At the Jan. 27 meeting of the Paonia town board, a discussion regarding the issue of allowing marijuana businesses within town limits focused largely on jobs and the economy. Trustee Ross King, who requested the discussion, said the creation of jobs, in light of the struggling economy, is a "paramount concern" the board should be discussing. He noted that other area towns are eyeing cannabis sales, production and testing as an "economic generator... We should be discussing it among ourselves and among our community."
King noted that "all the horrible things" predicted ahead of the passage of Amendment 64 legalizing recreational use in the state have not come to pass, and that since the town held elections on the matter, attitudes may have changed.
When asked by trustee Eric Goold how King would respond to citizens who say marijuana is a moral issue, he said he wouldn't argue to peoples' right to object to any mind-altering substances, including alcohol, but that it is a legal business in the state.
"I think this question's been dealt with, 17 months ago," said trustee David Bradford, referring to the November 2013 election in which 52.26 percent (417-366) of voters said no to any related businesses within the town. In September 2013, the town placed a moratorium on all commercial marijuana activities.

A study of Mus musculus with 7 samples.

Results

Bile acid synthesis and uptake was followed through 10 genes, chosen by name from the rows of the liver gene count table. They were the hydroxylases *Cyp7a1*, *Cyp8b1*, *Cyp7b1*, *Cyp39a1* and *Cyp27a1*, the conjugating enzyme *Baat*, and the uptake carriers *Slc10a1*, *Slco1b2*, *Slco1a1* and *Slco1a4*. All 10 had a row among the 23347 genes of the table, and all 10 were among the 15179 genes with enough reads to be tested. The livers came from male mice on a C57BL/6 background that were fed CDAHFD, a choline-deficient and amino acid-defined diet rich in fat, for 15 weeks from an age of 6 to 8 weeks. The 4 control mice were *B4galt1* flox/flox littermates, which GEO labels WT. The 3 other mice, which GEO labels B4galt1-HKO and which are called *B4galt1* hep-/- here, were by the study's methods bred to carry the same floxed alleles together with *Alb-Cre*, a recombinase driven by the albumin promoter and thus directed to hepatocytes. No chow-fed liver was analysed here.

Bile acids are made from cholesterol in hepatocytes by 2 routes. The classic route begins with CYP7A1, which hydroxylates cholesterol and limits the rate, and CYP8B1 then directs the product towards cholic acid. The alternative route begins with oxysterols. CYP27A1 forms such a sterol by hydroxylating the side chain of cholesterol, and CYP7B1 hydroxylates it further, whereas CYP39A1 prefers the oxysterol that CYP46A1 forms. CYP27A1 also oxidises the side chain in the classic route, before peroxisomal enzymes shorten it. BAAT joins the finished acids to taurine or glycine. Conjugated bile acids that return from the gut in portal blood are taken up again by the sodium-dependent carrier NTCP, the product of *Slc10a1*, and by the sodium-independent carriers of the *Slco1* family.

Bradford suggested that the sitting board should not entertain another election, but that a new board could after the upcoming election. Nine people have petitioned to run for five seats. "We would be blowing a raspberry to the people of Paonia if we initiated another election at this point," said Bradford.
Trustee Suzanne Watson said the town should be looking at other economic opportunities, including annexing the Stop and Save on Highway 133.
Trustees did find common ground when Bradford suggested that communicating with other towns to determine if they do benefit from sales, or if it's all just hearsay, would be a good use of time. "I think it needs to be studied pretty thoroughly."
"I actually agree with Mr. Bradford on that," said Watson, "and I think it would be nice if this board did take some action in that direction so we do our due diligence and we do look into it instead of just batting ideas around."
Mayor pro tem Charles Stewart pointed out that there is an initiative process citizens can utilize to bring the issue before voters. "It should not be coming from the board," said Stewart, the only one to petition for the mayor's seat.
"If there is a group of people that wants to initiate the process," said King, "I encourage them to do it."
In her regular Town Manager's Report, Jane Berry suggested that trustees and citizens visit the Colorado Municipal League's website and check out the 2016 State of our Towns & Cities report. "Many of the subjects we've been discussing here tonight are addressed in that report," said Berry. (To view the report and associated videos, visit www.cml.org/state_of/).